A temporary 18-tonne weight limit in place at Cleveland Bridge in Bath will be extended for another year as the council continues to monitor the historic structure.
The 18-tonne weight limit has been in place on the Grade II listed bridge for 12 months following a recommendation for a staged approach to reopening.
When the bridge reopened to traffic, engineers installed a monitoring system which detects changes to the characteristic ‘fingerprint’ response of the structure and provides ongoing confidence that the bridge remains safe.
The temporary weight limit, which would have expired on 15 November, has been extended for up to 12 months through a Temporary Traffic Regulation Order (TTRO) so monitoring can continue.
The bridge was closed to all traffic in 2021 after surveys identified that structural components of the bridge needed to be maintained, repaired or replaced, for it to continue to function safely.
The refurbishment works ensured the structural safety and integrity of the bridge and preserved the heritage value of this listed structure. This involved:
- Repairs to the truss and deck slabs (the foundation of the flat top of the carriageway)
- Repairs to hanging bars
- Repairs to the masonry abutments
- Repairs and repainting of the cast iron arches and parapets
- Waterproofing to prevent future weather damage
- Installing protective coating systems
The Police and Trading Standards have the power to enforce weight restrictions, however there is no statutory duty to take enforcement action and they may not have the resource to do so.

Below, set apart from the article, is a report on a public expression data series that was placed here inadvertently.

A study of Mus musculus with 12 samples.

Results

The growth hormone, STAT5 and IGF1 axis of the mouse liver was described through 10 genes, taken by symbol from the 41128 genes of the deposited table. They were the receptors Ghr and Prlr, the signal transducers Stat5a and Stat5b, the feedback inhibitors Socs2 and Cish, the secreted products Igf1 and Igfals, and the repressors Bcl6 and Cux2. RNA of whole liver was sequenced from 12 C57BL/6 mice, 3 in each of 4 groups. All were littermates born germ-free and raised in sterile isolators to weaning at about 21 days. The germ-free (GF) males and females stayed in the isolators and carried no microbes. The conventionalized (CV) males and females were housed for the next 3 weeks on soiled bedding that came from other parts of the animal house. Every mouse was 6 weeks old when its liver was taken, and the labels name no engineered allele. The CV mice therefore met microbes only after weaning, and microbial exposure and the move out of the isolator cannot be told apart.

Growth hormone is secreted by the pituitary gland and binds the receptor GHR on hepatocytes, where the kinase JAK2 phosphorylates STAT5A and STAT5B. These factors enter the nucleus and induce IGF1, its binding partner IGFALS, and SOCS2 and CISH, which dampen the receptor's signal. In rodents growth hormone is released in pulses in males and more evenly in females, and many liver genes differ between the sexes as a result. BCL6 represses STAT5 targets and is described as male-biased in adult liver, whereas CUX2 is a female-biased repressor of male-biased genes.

It is a criminal offence to contravene a TRO [section 5 of the Road Traffic Regulation Act 1984].
A person guilty of an offence is liable on summary conviction to a fine not exceeding level 3 on the standard scale (£1,000) [Road Traffic Offenders Act 1988, sections 9 & 33(1), and Schedule 2, Part I].
It is also subject to the fixed penalty regime [Road Traffic Offenders Act 1988 , section 51, and Schedule 3].
Generally, enforcement is by the police, though there are a small number of local areas where the police enforce alongside local Trading Standards. Trading Standards are generally unable to enforce effectively alone because, unlike the police, they cannot stop vehicles, get instant replies from DVLA on owner details, or issue on the spot fines (fixed penalties).
However, enforcement can involve the use of ANPR (automatic number plate recognition) cameras, vehicle stops and checks and working with local companies and drivers to educate them on permitted routes.